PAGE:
Shuaa Capital, the Dubai-based investment bank, has emerged from the third quarter of this year in the black reversing losses made during the same period last year.
Shuaa breaks even but remains on shaky ground
Shuaa Capital, the investment bank based in Dubai, has broken even in the last quarter despite reduced activity in its brokerage business.
The bank posted net income of Dh180,000 (US$49,010), compared with a net loss of Dh269.7 million in the third quarter last year.
However, traders warned that profits were still fragile and could be reversed by the end the year. Shuaa Capital has made a loss in five of the previous eight quarters.
"They're gradually coming out of the woods," said John Tofarides, a financial analyst at Moody's, the credit ratings agency.
"But I think there's still much room to go in terms of improving profitability."
However, Mr Tofarides said the bank may encounter difficulties as it sought to increase profits.
"The general environment for investment banking in the region isn't very positive at the moment," he said. "They've got things in the pipeline, but market conditions are not healthy."
He said Moody's had given Shuaa Capital a stable "Ba2" rating because of its high level of capitalisation.
Majid al Ghurair, the chairman of Shuaa Capital, said: "Recording a profit, albeit small, is an important achievement in an extremely challenging environment characterised by the lowest market activity since 2004."
The turnaround was driven by a reversal of losses from "other investments", which turned a profit of Dh6.2m this quarter, up from a loss of Dh254m in the same quarter last year.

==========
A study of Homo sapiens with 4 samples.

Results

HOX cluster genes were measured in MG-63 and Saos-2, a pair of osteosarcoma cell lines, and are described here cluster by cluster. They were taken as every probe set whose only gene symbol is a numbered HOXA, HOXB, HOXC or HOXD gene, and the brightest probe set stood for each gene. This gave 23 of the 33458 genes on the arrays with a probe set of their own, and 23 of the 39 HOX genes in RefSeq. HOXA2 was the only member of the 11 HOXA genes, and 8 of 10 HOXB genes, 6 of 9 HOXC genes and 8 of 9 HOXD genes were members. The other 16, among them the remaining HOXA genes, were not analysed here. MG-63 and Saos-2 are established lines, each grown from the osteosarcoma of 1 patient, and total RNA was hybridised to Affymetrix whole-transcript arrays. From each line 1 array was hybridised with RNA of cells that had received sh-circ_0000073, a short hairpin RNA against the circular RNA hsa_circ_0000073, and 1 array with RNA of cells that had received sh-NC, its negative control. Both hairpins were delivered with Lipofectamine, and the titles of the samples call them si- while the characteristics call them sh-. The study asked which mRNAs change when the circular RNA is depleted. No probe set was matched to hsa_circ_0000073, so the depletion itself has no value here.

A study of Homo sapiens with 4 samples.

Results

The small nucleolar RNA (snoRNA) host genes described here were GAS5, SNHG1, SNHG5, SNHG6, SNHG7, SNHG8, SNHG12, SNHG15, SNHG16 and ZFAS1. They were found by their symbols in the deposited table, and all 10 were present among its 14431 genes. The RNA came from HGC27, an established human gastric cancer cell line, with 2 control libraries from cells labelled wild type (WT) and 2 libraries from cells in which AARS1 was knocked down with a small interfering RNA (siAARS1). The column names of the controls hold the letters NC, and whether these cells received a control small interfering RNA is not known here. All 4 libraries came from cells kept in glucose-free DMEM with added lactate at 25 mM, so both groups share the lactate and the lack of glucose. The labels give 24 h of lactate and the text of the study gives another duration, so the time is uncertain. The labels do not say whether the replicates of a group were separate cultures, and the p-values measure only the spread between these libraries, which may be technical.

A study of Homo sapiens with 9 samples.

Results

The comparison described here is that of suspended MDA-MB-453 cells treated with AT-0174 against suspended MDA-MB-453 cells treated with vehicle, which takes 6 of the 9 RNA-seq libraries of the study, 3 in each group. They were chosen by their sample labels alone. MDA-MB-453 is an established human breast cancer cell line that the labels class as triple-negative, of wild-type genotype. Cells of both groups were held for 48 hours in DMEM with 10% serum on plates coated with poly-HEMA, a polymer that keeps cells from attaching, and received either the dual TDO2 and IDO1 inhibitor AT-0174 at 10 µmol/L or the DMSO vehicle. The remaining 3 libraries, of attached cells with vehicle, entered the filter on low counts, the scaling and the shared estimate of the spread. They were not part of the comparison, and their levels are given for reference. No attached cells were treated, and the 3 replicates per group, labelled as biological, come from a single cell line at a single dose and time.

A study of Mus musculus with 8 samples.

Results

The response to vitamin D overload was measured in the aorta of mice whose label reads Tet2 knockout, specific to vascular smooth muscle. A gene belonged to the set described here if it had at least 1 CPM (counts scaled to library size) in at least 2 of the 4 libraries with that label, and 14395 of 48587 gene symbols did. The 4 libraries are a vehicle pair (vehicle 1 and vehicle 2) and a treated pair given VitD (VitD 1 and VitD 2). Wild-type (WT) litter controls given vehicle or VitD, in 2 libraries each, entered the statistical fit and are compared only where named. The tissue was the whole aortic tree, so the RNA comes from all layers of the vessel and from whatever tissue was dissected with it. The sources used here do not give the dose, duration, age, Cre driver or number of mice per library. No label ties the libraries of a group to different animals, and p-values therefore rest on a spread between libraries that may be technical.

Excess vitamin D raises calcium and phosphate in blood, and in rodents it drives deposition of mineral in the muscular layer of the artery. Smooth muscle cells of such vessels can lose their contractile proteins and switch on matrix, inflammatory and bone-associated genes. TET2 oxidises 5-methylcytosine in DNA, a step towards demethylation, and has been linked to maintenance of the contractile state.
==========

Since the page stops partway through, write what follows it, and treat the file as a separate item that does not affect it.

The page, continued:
A company spokesman said those profits resulted from investments not managed by Shuaa. The results were also buoyed by the investment banking division, which recorded a profit of Dh2.9m, an increase of 625 per cent on the same period last year.
However, Shuaa Securities, the bank's brokerage division, recorded a loss of Dh3.7m, down from a profit of Dh4.5m in the same period last year. Revenues plunged 60.5 per cent to Dh5.8m.
"The third-quarter results were at least positive and not a loss. That should give investors some comfort," said Marwan Shurrab, a fund manager at Gulfmena Alternative Investments.
"They're repositioning and focusing on mainly fee-generating operations. They're on the right track."
However, Mr Shurrab said there were still some concerns because the bank was registering a year-to-date loss of Dh36.9m.
"The fourth quarter is going to be monitored heavily to see if this is still sustainable," he said, adding that historic lows in market volume could test the bank's profitability. High volumes "are not coming back yet", he said.
The bank's shares held steady for the third day at Dh1.17, having fallen back from a peak of Dh1.25 on November 1.